That measure is the cyclically adjusted price/earnings ratio, or caper, a measure compiled by Yale University's Robert Shiller. The logic for using this is compelling. Conventional PE ratios tend to be counter-cyclical. They can be very high in recessions when earnings are depressed, and low in booms when earnings are unsustainably high. But it would be silly to buy stocks at the peak of a boom and sell in a recession. The caper solves this problem by dividing current share prices not by recent earnings, but by average earnings over the past 10 years.

This reveals a problem. The caper is now 23.8, which is 44 per cent higher than the average since data began in 1881.

It seems the US market is overvalued.

Not necessarily. This 23.8 is actually a little below the post-1990 average, of 25.3, suggesting the market is slightly undervalued.

Whether you believe the S&P 500 is expensive or not therefore depends on which sample you think is most relevant - the post-1881 one, or the post-1990 one.

There is a case for preferring the longer sample. The post-1990 sample gives greater weight to the tech bubble of the late 1990s and the complacency in 2006-08 about the impending crisis. It thus oversamples periods of overpricing. This is clearly misleading. The fact that shares are now 'cheap' compared with an average that is inflated by the tech bubble is no reason to buy. The post-1881 sample avoids this bias.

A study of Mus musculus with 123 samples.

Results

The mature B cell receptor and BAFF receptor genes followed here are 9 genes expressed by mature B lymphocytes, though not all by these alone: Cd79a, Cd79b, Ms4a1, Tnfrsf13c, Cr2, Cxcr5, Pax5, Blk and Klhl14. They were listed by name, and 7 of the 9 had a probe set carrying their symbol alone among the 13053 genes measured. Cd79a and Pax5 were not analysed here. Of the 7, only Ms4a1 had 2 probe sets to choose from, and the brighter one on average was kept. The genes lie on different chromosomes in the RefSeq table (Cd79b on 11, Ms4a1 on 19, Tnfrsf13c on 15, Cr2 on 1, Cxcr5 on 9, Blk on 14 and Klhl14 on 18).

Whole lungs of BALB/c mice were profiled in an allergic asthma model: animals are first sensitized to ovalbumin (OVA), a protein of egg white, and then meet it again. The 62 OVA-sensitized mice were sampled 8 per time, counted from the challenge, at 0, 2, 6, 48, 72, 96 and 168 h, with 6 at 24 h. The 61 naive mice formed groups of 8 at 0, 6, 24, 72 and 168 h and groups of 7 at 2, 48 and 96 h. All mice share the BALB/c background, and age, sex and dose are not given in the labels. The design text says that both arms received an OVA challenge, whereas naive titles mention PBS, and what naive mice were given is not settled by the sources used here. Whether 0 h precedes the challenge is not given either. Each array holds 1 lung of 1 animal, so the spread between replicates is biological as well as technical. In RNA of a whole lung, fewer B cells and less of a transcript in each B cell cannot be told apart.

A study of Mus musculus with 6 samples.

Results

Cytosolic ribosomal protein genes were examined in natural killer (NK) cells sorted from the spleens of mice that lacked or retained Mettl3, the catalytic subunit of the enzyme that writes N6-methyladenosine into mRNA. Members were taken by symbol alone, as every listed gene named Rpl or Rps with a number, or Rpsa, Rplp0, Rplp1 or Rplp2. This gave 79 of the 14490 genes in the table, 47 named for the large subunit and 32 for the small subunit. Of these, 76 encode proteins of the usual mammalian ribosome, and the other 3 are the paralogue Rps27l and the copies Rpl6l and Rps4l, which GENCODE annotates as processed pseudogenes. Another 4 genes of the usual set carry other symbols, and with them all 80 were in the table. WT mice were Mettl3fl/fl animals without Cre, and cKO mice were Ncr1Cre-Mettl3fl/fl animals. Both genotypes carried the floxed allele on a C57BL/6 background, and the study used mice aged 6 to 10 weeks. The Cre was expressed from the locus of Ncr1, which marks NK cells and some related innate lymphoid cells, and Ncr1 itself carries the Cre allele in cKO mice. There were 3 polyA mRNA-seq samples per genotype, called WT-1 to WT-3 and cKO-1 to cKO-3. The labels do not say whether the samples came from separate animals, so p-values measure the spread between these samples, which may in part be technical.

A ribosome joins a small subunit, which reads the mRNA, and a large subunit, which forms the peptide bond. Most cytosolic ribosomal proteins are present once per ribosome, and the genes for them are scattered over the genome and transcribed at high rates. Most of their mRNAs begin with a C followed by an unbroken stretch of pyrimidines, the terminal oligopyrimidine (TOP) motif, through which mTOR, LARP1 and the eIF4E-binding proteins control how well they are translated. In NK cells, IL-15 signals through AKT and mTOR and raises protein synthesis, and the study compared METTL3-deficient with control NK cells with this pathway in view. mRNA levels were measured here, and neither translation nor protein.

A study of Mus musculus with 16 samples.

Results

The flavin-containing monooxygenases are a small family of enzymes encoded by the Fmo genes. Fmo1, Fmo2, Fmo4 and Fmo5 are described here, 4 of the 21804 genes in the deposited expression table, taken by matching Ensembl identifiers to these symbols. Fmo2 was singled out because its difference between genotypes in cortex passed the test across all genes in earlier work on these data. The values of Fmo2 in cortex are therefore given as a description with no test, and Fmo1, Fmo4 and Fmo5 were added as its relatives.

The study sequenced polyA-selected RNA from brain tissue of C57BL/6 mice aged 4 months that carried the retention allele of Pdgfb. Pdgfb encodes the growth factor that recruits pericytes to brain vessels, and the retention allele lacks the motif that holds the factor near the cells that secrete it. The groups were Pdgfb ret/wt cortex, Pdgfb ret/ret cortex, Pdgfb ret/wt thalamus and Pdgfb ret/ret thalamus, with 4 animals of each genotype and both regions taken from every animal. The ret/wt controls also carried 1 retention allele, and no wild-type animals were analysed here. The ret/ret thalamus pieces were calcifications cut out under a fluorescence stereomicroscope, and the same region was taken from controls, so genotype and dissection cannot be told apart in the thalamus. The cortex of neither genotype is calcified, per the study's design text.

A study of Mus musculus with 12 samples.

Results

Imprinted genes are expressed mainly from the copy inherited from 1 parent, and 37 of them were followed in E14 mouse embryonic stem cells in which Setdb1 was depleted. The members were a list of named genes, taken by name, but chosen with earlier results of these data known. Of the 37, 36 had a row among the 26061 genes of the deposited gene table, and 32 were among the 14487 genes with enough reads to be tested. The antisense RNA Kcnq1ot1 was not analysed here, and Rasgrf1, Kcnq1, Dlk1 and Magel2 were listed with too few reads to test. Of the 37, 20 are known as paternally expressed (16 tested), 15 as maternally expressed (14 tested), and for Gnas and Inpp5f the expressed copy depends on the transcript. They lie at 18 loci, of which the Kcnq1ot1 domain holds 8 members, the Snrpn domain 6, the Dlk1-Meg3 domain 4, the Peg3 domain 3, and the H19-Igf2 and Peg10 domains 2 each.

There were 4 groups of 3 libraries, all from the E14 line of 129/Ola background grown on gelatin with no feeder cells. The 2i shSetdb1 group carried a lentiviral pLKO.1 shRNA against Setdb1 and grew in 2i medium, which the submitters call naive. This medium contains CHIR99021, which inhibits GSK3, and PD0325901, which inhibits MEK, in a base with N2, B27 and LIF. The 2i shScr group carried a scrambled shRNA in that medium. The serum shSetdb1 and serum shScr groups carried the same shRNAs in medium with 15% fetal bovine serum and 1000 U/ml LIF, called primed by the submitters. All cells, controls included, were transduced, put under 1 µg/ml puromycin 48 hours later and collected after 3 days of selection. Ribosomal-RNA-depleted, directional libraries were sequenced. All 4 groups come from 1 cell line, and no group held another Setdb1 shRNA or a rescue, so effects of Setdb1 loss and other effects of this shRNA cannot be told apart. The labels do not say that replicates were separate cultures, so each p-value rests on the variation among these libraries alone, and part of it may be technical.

However, there are two reasons to favour the message of the post-1990 sample. One is that the caper is now biased upwards because earnings collapsed in the 2008-09 recession. But it's not obvious why anyone would want to sell because earnings were low four years ago. Using the post-1990 sample avoids this counterintuitive message.

Secondly, the link between valuations and subsequent returns is much stronger in post-1990 data than it is in the longer sample. For example, since 1881 the correlation between the caper and subsequent three-yearly real changes in the S&P 500 has been -0.26. But since 1990 it has been -0.51; much the same is true for one- and five-year changes.

This gives us a dilemma. If you want to argue that the market is expensive now, you have to use the post-1881 sample. But this also tells us that valuations don't matter much; that -0.26 correlation means there's a decent chance (albeit less than 50:50) that an expensive market can get more expensive. Conversely, if you want to contend that valuations matter a lot, you must use the post-1990 data - but this tells us the market isn't expensive now.

You might think all this is horribly inconclusive. That's my point. Whether the market is overvalued or not is a matter of judgment, not fact. Valuation is nothing like a precise guide to future returns, and talk of value can sometimes give us a merely illusory sense of certainty which causes us to underestimate the extent to which the market is genuinely predictable.